Drummer-composer Reggie Quinerly
tempers his ever-soulful post-bop jazz concept with a sense of rumination with the March 12 release of New York Nowhere
on his own Redefinition Records. The album, Quinerly’s fourth, finds him bidding farewell to the jazz capital of the world, which he called home from 1999 to 2020. Joining him for his send-off is a quintet of the Big Apple’s finest, including trumpeter Antoine Drye
, tenor saxophonist John Ellis
, pianist John Chin
, and bassist Sean Conly
A city of such contradiction and complexity as New York could only evoke an emotional response of contradiction and complexity. Hence the title: New York Nowhere
is meant to encapsulate the multiple and often opposing personalities at play in America’s largest city.
“You’re surrounded by eight million people,” Quinerly says, describing the vibe of New York life. “But everybody has their own story and everybody’s living their own life with a very singular focus. So even in the midst of all these people, you’re kind of completely alone. It’s everywhere and nowhere at the same time.”
As he so often does, Quinerly refashions these and other nuanced perspectives on living and working on the New York scene into rousing, infectious music. Be it the sweetened bounce of “Reflections on the Hudson,” the delicate Brazilian flavor of “Celso,” or the brief but fraught theme of “New York Nights” (which is still so fully realized that Quinerly and the band can make two distinct versions of it), the drummer-composer channels all his considerable panache and creative energy into the album’s every aspect.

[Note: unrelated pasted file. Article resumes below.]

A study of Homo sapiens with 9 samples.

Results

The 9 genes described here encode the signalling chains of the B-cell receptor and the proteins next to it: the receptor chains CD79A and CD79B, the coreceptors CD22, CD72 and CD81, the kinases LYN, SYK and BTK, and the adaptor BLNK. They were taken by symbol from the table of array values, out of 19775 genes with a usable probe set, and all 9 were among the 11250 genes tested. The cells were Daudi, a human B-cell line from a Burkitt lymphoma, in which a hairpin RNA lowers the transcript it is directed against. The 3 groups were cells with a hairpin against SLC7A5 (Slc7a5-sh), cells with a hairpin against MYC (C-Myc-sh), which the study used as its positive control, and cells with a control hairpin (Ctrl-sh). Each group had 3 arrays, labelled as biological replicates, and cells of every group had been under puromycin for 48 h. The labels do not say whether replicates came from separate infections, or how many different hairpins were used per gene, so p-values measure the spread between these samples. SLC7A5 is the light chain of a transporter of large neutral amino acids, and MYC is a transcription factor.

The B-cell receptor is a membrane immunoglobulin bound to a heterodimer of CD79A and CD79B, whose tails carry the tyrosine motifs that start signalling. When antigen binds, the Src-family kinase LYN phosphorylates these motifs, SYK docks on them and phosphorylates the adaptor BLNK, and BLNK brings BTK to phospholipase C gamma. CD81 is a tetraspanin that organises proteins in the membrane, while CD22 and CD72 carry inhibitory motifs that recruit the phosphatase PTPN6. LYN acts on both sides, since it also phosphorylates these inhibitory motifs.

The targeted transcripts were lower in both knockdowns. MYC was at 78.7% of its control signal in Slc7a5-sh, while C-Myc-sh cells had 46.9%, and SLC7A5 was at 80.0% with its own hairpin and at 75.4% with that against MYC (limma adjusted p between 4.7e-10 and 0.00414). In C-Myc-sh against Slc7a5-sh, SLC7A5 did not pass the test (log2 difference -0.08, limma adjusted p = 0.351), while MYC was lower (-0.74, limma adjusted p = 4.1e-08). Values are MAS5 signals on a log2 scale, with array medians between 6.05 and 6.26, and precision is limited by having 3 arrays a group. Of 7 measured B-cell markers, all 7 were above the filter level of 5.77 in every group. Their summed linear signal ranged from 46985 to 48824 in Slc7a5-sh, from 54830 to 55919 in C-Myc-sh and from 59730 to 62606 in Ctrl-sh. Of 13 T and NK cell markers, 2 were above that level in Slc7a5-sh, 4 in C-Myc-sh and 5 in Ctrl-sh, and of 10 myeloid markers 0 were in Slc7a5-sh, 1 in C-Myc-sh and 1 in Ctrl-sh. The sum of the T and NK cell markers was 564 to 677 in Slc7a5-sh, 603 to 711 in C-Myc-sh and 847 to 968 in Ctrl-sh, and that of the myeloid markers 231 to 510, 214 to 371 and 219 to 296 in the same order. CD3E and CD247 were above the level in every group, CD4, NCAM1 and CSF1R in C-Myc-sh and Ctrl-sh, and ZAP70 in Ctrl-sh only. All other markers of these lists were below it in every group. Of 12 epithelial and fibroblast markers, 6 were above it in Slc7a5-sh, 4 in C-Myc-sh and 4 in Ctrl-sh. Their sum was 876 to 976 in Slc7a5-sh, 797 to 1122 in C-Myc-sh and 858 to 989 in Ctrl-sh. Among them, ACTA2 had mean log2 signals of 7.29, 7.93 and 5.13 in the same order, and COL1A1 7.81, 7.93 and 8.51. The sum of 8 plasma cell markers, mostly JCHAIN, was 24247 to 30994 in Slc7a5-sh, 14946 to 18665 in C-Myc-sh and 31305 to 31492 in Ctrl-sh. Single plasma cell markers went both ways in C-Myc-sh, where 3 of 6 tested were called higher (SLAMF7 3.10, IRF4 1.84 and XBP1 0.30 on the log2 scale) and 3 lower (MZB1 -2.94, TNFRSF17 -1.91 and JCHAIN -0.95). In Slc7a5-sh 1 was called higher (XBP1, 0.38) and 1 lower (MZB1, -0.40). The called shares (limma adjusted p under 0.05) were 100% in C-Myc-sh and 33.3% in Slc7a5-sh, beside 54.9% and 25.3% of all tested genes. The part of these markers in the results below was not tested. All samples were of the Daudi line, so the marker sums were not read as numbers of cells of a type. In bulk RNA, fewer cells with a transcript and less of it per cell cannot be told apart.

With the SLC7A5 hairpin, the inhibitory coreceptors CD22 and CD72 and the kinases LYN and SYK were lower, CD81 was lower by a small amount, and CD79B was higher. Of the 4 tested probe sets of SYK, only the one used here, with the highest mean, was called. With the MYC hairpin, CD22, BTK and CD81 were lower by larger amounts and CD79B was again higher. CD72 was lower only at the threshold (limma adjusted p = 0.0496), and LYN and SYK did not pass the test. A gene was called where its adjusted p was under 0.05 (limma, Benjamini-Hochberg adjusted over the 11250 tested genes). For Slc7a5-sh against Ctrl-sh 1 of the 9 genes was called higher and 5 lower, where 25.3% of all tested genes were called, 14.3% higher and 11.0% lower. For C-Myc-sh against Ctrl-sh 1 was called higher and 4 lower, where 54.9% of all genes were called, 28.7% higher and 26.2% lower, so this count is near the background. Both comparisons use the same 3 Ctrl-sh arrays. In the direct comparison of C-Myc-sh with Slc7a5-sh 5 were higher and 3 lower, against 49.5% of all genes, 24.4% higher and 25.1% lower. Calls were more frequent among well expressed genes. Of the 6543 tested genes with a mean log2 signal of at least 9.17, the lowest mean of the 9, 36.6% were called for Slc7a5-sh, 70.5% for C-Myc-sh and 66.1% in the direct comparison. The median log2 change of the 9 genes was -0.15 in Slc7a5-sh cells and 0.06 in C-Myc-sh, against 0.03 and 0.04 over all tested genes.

That includes the formation of New York Nowhere
’s quintet, whose tight chemistry is itself another example of Quinerly’s acuity and resourcefulness. He knew he wanted Antoine Drye on trumpet, which made John Ellis the natural choice to share the frontline: “Those two go back thirty years, and I wanted to not only tap into the relationship that I have with them individually, but I wanted to highlight the connection that they have.” Similarly, filling the piano chair with John Chin automatically suggested Sean Conly for the bass. “They’ve been getting together for at least twenty years, building and playing each other’s music and stuff. I wanted that level of familiarity with each other’s playing, and I wanted them to reflect that intimacy through my compositions.”
In the end, of course, it is the players’ connection to Quinerly, and his to them, that puts the magic into New York Nowhere
Reggie Quinerly was born November 16, 1980 in Houston
, Texas, one of the garden spots of 21st-century jazz. Fittingly, he took an early turn in that direction. Lester Grant, who played drums in the Pilgrim United Church of Christ (where Reggie grew up), was a jazz master who became the young musician’s first mentor. Grant not only taught him to play but sent him on an odyssey of discovering the great musicians of jazz past and present.
The odyssey took Quinerly first to Houston’s famous High School of the Performing and Visual Arts, then to the New School for Jazz and Contemporary Music in New York, and finally to the Juilliard School for his Master’s in Jazz Studies. There, his circle of mentors widened to include Jimmy Cobb
, Lewis Nash
, and Kenny Washington
Shortly after completing his degree at Juilliard, Quinerly recorded and released his first album, 2012’s Music Inspired by Freedmantown
. It started him down a fruitful artistic pathway that has also brought forth 2015’s Invictus
and 2018’s Words to Love
, critically acclaimed albums that helped raise Quinerly’s profile in the jazz world. New York Nowhere
is the newest link in the chain. However, as he starts a new phase of his creative life in Los Angeles, it will assuredly not be the last.